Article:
Here's Why The NRA Is Broke

For decades, the NRA has worked hard to demonstrate that it is morally bankrupt by derailing any type of reform that would lead to common sense gun regulation and holding rallies in towns that recently experienced mass shootings. And now, that ethical emptiness has finally caught up to the organization's finances. CNN reported in January 2021 that the NRA had filed for bankruptcy in a New York court and planned to move its  operations down to Texas. In a press release published on its website, the NRA called New York, the state that had been its home since its founding in 1871, "a corrupt political and regulatory environment," and said that the bankruptcy filing enigmatically "comes at a time when the NRA is in its strongest financial condition in years."

Aside from the fact that filing for bankruptcy tends to signal the exact opposite of a strong financial condition, the NRA has also been plagued with a deluge of bad press in recent years over mismanagement of the funds the organization receives from it five million members in the form of dues. According to The Washington Post, tons of money went to board members who aren't supposed to receive salaries, and top executives went nuts with the organization's finances, spending millions on stuff that had nothing to do with protecting Americans' second amendment rights. Let's take a deeper look into how the NRA went broke.

The NRA's CEO liked his fancy things

In May 2019, an anonymous source leaked NRA documents which revealed that NRA CEO Wayne LaPierre (seen at right, above) had grossly mismanaged the organization's finances for his own personal benefit. The Wall Street Journal reported that he charged over $500,000 to the NRA's advertising agency for things like clothing (he spent over $39,000 at a Beverly Hills boutique in one day), travel, and other personal expenses. The company said in court documents (online at Document Cloud) that LaPierre had "created a veritable black hole for unchecked spending that, in turn, appeared to be a legitimate vendor expense for purposes of NRA records." The other expenses the agency claimed he'd charged them included an $18,300 chauffeur and $13,800 for a summer intern's rent. He also racked up over $200,000 in plane tickets for Christmas trips to the Bahamas in 2012 and 2013. GQ reported that between 2004 and 2017, LaPierre shelled out nearly $300,000 for designer clothing, which he tried to charge to the NRA's former ad agency.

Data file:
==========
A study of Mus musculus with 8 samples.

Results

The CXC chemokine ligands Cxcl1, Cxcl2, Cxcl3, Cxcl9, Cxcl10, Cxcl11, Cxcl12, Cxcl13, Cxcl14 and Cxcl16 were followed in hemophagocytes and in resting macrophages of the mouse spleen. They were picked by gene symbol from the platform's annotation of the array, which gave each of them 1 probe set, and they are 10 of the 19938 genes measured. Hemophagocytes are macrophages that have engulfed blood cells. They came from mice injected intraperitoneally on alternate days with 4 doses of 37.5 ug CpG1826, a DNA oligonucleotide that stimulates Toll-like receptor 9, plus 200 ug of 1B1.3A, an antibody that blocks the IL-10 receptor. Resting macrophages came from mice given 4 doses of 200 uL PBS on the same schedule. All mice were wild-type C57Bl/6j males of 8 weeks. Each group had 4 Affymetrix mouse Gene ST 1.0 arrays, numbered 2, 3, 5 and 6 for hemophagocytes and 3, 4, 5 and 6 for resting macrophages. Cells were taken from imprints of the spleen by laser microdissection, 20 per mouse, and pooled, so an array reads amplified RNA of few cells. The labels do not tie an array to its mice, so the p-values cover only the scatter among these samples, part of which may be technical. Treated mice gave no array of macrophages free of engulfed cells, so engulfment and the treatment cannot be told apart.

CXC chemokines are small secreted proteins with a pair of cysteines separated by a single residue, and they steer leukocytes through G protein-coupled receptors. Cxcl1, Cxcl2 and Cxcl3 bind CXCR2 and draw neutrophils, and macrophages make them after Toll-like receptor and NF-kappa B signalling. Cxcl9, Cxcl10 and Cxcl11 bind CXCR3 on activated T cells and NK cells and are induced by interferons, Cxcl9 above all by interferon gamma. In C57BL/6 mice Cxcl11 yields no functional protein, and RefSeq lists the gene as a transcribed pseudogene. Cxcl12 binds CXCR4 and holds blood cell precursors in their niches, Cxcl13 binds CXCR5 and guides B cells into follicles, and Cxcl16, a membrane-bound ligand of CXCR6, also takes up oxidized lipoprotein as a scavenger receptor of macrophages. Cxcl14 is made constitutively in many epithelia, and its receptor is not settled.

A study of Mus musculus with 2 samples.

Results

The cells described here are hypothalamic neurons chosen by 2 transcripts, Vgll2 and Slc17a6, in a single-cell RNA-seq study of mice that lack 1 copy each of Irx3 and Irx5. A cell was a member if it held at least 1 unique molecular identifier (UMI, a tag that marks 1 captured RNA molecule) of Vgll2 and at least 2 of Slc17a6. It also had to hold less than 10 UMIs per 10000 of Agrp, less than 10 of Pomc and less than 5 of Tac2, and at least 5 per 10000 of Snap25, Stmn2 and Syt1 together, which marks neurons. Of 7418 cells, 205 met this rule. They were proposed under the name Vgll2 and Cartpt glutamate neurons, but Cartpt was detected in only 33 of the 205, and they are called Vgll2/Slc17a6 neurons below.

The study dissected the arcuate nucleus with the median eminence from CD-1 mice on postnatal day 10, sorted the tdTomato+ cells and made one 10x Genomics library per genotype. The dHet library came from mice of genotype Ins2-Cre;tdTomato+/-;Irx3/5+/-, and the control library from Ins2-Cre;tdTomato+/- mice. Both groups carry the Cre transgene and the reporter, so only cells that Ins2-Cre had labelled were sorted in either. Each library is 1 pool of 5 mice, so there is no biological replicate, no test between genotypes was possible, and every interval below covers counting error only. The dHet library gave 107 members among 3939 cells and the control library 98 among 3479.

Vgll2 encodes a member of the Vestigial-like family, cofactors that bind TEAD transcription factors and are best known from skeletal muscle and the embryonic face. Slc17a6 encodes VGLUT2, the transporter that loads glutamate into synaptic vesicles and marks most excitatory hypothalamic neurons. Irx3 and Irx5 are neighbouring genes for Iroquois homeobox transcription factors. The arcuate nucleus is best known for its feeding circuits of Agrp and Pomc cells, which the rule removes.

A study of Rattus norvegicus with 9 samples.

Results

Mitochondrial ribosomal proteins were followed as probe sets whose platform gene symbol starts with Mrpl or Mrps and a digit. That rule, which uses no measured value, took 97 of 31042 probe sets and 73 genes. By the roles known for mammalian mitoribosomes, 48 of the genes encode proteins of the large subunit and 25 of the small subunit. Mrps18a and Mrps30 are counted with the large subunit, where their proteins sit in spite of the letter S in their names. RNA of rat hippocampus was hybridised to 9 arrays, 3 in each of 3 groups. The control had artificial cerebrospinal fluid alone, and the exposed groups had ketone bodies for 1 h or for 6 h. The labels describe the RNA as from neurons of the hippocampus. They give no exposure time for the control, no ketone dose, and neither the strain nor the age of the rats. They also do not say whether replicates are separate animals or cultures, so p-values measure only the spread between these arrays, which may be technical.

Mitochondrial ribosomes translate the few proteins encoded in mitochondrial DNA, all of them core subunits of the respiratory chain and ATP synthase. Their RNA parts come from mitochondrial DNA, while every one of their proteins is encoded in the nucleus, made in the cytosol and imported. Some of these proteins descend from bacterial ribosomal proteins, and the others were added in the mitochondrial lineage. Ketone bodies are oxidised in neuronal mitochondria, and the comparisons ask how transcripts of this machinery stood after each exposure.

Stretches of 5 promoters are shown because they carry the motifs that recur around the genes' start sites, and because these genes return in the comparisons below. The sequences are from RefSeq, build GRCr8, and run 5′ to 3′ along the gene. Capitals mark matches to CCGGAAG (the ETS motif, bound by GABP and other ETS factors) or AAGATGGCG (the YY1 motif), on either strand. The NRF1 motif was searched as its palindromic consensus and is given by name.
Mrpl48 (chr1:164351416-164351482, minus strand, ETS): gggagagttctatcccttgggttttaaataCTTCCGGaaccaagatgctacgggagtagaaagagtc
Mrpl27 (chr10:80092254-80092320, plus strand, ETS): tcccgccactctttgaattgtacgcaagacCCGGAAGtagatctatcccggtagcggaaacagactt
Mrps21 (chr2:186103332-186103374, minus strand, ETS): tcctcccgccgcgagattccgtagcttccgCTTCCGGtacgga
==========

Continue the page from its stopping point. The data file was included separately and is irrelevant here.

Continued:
As you might expect, the news didn't go over too well with others in the organization. According to NPR, board members called for his resignation, saying things like "it is imperative that the NRA cleans its own house," and, "it is time for new management." At the time, LaPierre was most likely the highest paid nonprofit employee in the country: He pulled in a whopping $1.4 million.

LaPierre wasn't the only one bleeding the NRA dry

As more attention was put on the NRA's finances, it came to light that LaPierre wasn't the only one in the organization using it like an ATM machine. That Washington Post piece reported that of the 76 members on the NRA's board of directors, 18 had dipped their hands into the cookie jar over the preceding three years. The amounts ranged from $24,000 to $3.1 million, for everything from consulting by former NFL players to speeches by Republican advisers to rock concerts by self-professed gun fan Ted Nugent. Basically, the good, gun-toting people of America were shelling out their hard-earned dollars for this so-called "protector" of their constitutional rights, and those at the top of the supposed nonprofit were cashing in nicely.

Furthermore, as The Daily Beast reported, former NRA president Oliver North had written that the NRA had run up an astounding legal bill to the tune of $24 million. In those leaked documents, North said that he was "deeply concerned about the extraordinary legal fees the NRA has incurred" during all of its courtroom wrangling to make sure that there's basically no regulation at all for the dangerous weapons plaguing the nation with violence.